The Great Gabbo is a terrific early talkie. Sure, the film is old and creaky, while its technical aspects are cheap and primitive. But the story, the music, and the performances always keep me hooked.
Directed by James Cruze, a top name in the silent era, from a story by Ben Hecht (continuity and dialogue by Hugh Herbert), The Great Gabbo follows an arrogant ventriloquist, that’s the Gabbo of the title (Erich von Stroheim), who abuses his girlfriend-cum-assistant (Cruze’s then-wife, Betty Compson) one too many times. After his beloved finally walks out on him, Gabbo slowly descends into madness, transferring all his soul and compassion onto his dummy, Otto. Ultimately, it is Otto who helps to keep Gabbo grounded.
Erich von Stroheim is perfect as the European vaudevillian performer with an obsessive dependency on his dummy. The only other actor I could picture in this role is Peter Lorre. (Otto, with his unblinking eyes and high-pitched voice, looks rather scary – but he’s still more likable than Gabbo himself.)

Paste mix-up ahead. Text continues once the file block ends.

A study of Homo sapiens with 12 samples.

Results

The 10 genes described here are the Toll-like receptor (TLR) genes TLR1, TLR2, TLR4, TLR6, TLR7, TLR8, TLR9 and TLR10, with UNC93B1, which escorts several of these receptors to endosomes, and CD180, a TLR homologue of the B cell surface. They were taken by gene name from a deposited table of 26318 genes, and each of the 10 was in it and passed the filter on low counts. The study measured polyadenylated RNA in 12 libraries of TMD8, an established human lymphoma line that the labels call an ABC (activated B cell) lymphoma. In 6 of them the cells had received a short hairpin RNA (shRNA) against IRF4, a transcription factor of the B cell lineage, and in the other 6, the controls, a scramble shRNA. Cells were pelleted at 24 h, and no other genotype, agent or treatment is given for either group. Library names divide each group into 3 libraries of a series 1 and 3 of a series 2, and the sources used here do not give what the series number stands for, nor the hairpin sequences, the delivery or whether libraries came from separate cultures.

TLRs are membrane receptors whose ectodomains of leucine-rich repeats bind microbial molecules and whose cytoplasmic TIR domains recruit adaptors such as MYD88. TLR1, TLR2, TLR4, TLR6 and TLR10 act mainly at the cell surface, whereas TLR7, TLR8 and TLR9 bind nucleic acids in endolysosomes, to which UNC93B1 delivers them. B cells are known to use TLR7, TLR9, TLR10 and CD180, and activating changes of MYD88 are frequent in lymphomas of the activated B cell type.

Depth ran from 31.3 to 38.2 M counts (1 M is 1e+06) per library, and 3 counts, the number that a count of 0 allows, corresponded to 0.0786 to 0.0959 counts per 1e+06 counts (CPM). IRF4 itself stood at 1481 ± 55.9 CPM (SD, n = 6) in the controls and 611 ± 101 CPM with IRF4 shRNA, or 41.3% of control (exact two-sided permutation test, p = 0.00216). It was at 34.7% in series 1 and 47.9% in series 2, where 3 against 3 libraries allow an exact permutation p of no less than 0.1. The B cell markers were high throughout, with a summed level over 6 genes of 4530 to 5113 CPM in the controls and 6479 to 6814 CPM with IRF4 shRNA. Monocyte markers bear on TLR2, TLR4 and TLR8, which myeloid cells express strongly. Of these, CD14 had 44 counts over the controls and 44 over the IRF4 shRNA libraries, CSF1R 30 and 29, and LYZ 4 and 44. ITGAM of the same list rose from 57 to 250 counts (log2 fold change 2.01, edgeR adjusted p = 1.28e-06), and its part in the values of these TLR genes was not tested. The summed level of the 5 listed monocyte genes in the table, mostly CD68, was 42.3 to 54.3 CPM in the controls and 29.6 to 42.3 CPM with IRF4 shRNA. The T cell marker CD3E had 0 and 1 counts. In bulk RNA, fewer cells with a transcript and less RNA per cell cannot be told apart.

Betty Compson, the star of dozens of silent films, is appropriately bright and cheerful as the assistant who still loves Gabbo (or is it Otto?) even after finding another man who loves her and treats her with respect.
The film’s peppy music and production numbers brighten up an otherwise disturbing plot. One funny scene has the chorus girls changing their costumes in the wings before the curtain goes up, while the delightfully daffy “Web of Love” number – in which the dancers are dressed up as spiders and insects climbing a great big web monstrosity – is a welcome respite to the bleak proceedings.
But lively production numbers or no, The Great Gabbo was probably too depressing for 1929 audiences still reeling from the jazz age. But looking at it some 80 years later, its drama and power still hold up.
© Danny Fortune
The Great Gabbo (1929). Director: James Cruze. Screenplay: Story by Ben Hecht; Continuity and Dialogue by Hugh Herbert. Cast: Erich von Stroheim, Betty Compson, Donald Douglas, Marjorie Kane.